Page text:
July 29, 2019 — Last week, the Board of Supervisors voted 4-1, with Supervisor Ted Williams dissenting, to approve an $18,976,733 contract for Redwood Quality Management Company (RQMC), the contractor that provides specialty mental health care to Medi-Cal beneficiaries and the indigent on behalf of the county.
RQMC started contracting with the county to provide mental healthcare to children in 2013. In July of 2016, the company took over adult mental healthcare from Ortner Management Group, a contractor based in Yuba City.
Dr. Jenine Miller, who heads up the county’s behavioral health department, told the board that there are a few changes in this year’s contract. RQMC used to have three contracts, one each for youth and adults, and a third for medication management. Now the single contract is divided into three areas that align with the state and federal funding streams. Miller said this makes it easier to avoid duplication and to make sure the county gets reimbursements from the federal government. About $9 million of the county’s mental health money is federally sourced, but only on a reimbursement basis. Another $3.5 million is from the Mental Health Services Act (MHSA), also known as the millionaire’s tax. RQMC uses that money to subcontract with about 14 other providers, including Manzanita, MCAVHN, Consolidated Tribal Health and Nuestra Alianza. Some additional MHSA programs are overseen by the county.
The third source is the public safety realignment initiative, a result of a 2011 order by the US Supreme Court to the State of California to reduce its prison population. This money flows to the county from the State Department of Healthcare Services. It’s used for indigent services and misdemeanor competency restoration, to treat mentally ill inmates who have been charged with misdemeanors so they can stand trial.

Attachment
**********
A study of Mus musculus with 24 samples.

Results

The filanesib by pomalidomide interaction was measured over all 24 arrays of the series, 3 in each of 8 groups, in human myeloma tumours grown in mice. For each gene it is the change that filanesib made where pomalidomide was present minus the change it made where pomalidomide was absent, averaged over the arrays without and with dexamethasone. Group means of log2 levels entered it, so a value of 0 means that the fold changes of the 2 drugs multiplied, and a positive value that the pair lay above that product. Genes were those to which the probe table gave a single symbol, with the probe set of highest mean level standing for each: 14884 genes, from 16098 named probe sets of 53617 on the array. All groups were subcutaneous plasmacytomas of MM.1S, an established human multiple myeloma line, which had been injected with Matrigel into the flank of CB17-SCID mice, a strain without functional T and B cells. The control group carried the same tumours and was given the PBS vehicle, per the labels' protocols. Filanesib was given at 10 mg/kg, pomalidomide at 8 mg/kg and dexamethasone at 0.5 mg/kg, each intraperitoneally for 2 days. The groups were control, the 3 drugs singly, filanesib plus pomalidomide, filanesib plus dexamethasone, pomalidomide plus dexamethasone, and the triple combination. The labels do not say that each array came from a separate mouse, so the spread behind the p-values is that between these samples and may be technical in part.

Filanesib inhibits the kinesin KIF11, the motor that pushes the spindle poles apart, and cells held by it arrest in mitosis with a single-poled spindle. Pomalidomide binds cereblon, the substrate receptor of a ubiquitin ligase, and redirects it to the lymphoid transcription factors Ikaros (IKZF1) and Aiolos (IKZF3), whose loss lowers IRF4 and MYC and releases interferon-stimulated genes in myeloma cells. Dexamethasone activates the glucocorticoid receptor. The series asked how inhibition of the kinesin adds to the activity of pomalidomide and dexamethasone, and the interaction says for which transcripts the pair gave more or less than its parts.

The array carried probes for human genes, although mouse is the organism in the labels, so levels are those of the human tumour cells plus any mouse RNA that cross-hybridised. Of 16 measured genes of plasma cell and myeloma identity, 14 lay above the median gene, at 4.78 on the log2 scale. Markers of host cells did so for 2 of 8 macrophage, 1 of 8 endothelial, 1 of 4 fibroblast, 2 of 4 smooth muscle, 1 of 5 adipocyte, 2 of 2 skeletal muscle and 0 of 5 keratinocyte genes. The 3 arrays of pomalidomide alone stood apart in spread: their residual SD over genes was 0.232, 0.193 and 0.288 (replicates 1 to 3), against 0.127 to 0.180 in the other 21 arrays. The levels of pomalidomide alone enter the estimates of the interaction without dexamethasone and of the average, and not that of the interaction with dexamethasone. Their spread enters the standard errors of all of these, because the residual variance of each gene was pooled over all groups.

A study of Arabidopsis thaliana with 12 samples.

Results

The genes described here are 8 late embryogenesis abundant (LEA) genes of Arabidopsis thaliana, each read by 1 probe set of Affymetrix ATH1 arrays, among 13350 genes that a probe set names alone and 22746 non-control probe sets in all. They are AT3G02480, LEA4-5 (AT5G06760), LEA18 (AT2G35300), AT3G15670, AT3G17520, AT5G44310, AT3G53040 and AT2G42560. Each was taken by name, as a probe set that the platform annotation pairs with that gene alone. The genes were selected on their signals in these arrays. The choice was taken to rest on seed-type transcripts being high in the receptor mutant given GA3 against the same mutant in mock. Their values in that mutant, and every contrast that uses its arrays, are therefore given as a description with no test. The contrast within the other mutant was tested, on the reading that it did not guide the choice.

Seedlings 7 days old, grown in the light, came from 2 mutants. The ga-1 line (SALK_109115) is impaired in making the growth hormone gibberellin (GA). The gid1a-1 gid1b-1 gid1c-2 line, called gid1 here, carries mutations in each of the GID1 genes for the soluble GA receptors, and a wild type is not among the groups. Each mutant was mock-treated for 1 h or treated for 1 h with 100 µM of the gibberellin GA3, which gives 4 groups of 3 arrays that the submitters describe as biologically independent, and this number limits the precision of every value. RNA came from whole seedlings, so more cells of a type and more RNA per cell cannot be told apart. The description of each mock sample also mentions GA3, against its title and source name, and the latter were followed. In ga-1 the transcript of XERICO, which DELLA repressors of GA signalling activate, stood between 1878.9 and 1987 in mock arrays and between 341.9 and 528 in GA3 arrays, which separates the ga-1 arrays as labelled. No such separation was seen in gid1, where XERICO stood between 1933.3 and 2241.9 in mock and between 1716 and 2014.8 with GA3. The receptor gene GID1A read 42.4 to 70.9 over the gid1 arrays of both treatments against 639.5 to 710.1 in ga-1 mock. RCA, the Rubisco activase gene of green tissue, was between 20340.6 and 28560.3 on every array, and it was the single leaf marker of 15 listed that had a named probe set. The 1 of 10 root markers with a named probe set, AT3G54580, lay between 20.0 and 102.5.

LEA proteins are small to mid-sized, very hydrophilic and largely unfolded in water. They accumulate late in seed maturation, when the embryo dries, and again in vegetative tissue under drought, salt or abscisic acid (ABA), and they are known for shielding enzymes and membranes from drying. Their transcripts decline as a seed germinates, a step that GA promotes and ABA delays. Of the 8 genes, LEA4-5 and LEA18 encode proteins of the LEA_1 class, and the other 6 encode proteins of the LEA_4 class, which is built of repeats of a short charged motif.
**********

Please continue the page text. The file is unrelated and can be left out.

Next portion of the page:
Camille Schraeder, who heads up RQMC and Redwood COmmunity Services, a non profit organization that subcontracts for some of the MHSA services, gave the board a quick outline of the number of outpatient clients who have been served this fiscal year. She also took the oppoturnity to put in a favorable word for the Affordable Care Act.
By far the greatest number of outpatient services is for people under 25 in Ukiah, at 41,260. The number of services for people over 25 in Ukiah came in second, at 21,690. The North Coast came in at 10,857 for all age groups. Willits came in a distant third, at just under 5,000 for all ages.
Crisis treatments come under their own category. Schraeder said RQMC makes about six crisis assessments per day, for a total of 2,295. Close to 30% (29.8%)of those assessments result in hospitalization. There is a total of 125 dedicated mental health beds throughout the county.
WIlliams said that, though he found the presentation thorough, he couldn’t approve the contract, becuase of its “monolithic” nature. The county, he fears, is forced to do either do nothing, or accept the contract from RQMC. While he supports the company, he declared himself unwilling to approve the giant contract.
Supervisor John McCowen asked if the nature of the contract would make it difficult for the county to issue a request for proposals from other providers for any one of the services now covered by RQMC and its subcontrators; or “the whole ball of wax.” Tammy Moss Chandler, director of the county’s Health and Human Services Agency, said the new structure, based on funding streams, actually makes it easier for her department to track.And Schraeder said efforts are underway to make sure that if another provider were to be selected, the transition would be much smoother than the one from Ortner to RQMC.